Finnish testing centre for electric drive systems begins operations

Finnish testing centre for electric drive systems begins operations

Finland-based Yaskawa Environmental Energy / The Switch is powering forward with its vision to create bigger and ever more efficient electric drive systems with the start of operations at its heavyweight Large Drive Testing Centre (LDTC) in Lappeenranta in the south-east of the country.

This state-of-the-art testing centre can provide some of the answers to questions being asked by the maritime sector as shipowners, system integrators and shipyards navigate towards a greener future, while also looking to cut costs through better performance, greater efficiencies and improved reliability.

Yaskawa Environmental Energy / The Switch produces its permanent magnet (PM) direct-drive shaft generators, propulsion machines and auxiliary generators at Lappeenranta and it has built a track record of providing industry with energy efficient systems capable of delivering savings throughout the lifetime of a vessel.

The trend across the marine sector has been to move to increasingly higher capacity propulsion systems to power larger and larger vessels and the new testing centre can now push the boundaries for the biggest machines in the business.

Centre capacity
The centre can handle 12-megawatt drive systems, and this will increase soon to a giant 18 MW . It also has a whopping 80-tonnes heavy-lift capacity.

Matti Nikkinen, vice president of operations at Yaskawa Environmental Energy / The Switch, explained: ”Equipment is getting bigger and bigger all the time. We had to have a place where we can verify these units. It is important we can show the customer that our equipment can pass all the tests.

”Drives are continuously getting more powerful. So the main purpose for the testing facility is we can now answer the questions coming from the market.”

The new centre is attached to the main factory at Lappeenranta so finished units can be extensively tested to full capacity and complete certification can be carried out on site. This saves time and money down the line when it comes to the commissioning phase for any vessel using the equipment.

The test centre is nimble for such a heavy hitter as it offers a great deal of flexibility.

It can combine overall machine testing with the customer’s own components, such as their own shaft, bearings, beds or drives, or provide space for whole units brought in by customers.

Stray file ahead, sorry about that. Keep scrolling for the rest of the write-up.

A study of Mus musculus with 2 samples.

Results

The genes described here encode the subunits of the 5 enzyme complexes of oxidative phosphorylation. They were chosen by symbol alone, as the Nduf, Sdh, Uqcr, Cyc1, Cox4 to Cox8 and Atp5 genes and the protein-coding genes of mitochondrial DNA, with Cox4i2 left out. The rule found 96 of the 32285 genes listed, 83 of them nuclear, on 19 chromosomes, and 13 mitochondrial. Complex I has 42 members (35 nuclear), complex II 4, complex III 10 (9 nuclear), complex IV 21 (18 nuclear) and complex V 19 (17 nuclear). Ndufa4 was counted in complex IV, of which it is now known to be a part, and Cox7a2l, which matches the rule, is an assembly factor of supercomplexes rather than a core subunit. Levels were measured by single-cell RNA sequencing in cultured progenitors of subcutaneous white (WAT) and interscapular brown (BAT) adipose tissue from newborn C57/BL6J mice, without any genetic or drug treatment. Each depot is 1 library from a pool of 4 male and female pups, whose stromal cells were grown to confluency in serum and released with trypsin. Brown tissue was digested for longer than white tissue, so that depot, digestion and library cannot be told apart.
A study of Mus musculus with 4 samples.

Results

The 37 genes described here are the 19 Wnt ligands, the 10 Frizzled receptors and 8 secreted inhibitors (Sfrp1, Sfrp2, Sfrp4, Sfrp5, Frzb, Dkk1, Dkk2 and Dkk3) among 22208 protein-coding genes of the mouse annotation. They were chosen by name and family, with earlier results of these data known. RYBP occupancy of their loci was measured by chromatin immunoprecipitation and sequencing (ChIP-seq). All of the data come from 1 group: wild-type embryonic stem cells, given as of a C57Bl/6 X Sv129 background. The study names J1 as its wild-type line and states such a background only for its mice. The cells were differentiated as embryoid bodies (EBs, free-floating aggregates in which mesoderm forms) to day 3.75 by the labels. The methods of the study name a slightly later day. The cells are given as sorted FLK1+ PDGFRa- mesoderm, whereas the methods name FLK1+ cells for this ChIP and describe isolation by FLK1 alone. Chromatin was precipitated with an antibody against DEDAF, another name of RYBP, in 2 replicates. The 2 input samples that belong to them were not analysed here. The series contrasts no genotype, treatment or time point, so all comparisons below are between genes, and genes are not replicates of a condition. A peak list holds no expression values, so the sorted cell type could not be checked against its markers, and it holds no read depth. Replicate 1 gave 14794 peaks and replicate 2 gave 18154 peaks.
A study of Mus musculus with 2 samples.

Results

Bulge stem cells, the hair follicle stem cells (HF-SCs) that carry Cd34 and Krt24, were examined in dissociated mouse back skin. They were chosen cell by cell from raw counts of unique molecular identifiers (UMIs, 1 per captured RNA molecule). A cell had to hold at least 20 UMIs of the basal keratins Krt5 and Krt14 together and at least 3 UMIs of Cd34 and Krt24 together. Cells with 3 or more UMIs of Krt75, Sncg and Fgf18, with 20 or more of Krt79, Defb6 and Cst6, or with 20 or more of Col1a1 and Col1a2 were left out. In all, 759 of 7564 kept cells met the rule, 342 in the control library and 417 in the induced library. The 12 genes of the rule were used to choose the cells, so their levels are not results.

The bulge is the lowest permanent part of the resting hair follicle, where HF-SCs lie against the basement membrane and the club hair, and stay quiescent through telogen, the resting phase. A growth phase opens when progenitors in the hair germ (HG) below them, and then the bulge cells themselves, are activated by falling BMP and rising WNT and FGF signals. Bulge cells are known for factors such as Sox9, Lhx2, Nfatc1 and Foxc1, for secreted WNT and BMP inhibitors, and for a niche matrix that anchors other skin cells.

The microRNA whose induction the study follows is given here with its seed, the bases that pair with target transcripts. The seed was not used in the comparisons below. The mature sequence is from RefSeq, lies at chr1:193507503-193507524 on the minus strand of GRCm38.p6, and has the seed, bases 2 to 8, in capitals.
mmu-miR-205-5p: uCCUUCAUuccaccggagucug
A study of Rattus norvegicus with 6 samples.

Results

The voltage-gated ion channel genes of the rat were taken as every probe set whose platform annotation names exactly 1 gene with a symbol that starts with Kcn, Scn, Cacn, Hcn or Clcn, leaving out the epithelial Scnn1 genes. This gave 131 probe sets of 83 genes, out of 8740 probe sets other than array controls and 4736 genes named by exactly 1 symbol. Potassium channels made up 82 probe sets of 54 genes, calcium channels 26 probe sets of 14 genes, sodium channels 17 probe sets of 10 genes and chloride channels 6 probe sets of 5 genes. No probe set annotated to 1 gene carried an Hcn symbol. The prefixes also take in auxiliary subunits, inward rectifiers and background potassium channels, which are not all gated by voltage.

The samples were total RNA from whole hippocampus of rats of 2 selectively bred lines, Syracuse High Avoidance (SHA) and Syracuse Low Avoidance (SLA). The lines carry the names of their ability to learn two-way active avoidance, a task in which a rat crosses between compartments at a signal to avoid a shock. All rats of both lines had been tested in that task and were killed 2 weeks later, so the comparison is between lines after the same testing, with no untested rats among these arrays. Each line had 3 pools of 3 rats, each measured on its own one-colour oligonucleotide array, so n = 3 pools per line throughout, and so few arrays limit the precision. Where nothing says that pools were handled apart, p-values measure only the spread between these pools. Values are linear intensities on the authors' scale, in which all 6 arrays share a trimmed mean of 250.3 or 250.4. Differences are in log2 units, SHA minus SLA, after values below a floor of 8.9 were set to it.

Key objectives

Tying the LDTC to the production factory also fulfils a key objective for Yaskawa Environmental Energy / The Switch as it means the centre is ideally placed for testing prototypes, enabling greater research, development and innovation.

”The testing area is in the same factory as we have the production, so it is very easy to accommodate in that sense. The logistics are rather easy,” added Mr Nikkinen.

”We can test any electric machine and drive. Currently, we have wind and marine products being tested.

”Normally there are two units at the same time in the testing area. One of these machines is run as a motor and the other as a generator,” said Mr Nikkinen. ”We will load identical machines, so we can test to full power and also measure all the required parameters to fully verify the systems.”

The centre has the space to run one full test while another is being prepared, which shortens the throughput time of the units.

Mr Nikkinen estimates the centre can process about 50 tests per year, depending on the size of the machines, which commonly comprise at least several megawatts and weigh in at 20 to 30 tonnes.

Marine generators will take roughly 65 to 70 per cent of the time capacity over the course of the centre’s first full year in operation.

These marine generators have applications across a range of ship types, including bulk carriers, LNG vessels, subsea construction and offshore supply vessels, as well as being suitable for wind turbines.

The PM generators can be retrofitted and they come into their own with newbuilds, especially as emissions regulations tighten and shipowners have to find solutions with new technologies.

Fuel savings

Stricter legislation means modern ships will be required to reduce their total fuel consumption by up to 40 per cent. Electric direct-drive systems like PM generators can play a central role in achieving that, future-proofing vessels and saving ship operators significant sums over the lifespan of a vessel.

”The energy efficiency is very high in PM generators. They have fewer components, so especially the rotor side of the machine is very simple compared with earlier technologies,” said Mr Nikkinen.

”The reliability is high as a result. The machines are simple and the maintenance costs are very competitive.”

The prospect of built-in cost savings over the lifetime of a vessel in the marine sector should draw any shipowner to the table like a magnet.

Yaskawa Environmental Energy / The Switch’s new testing centre offers the chance to extensively test systems and provide full verification, giving ship owners peace of mind. Surely an attractive proposition.

”This kind of testing centre does not exist in many places around the world… and we are now in a position to fulfil our own requirements while helping customers attain more effective and more efficient products for the future,” added Mr Nikkinen.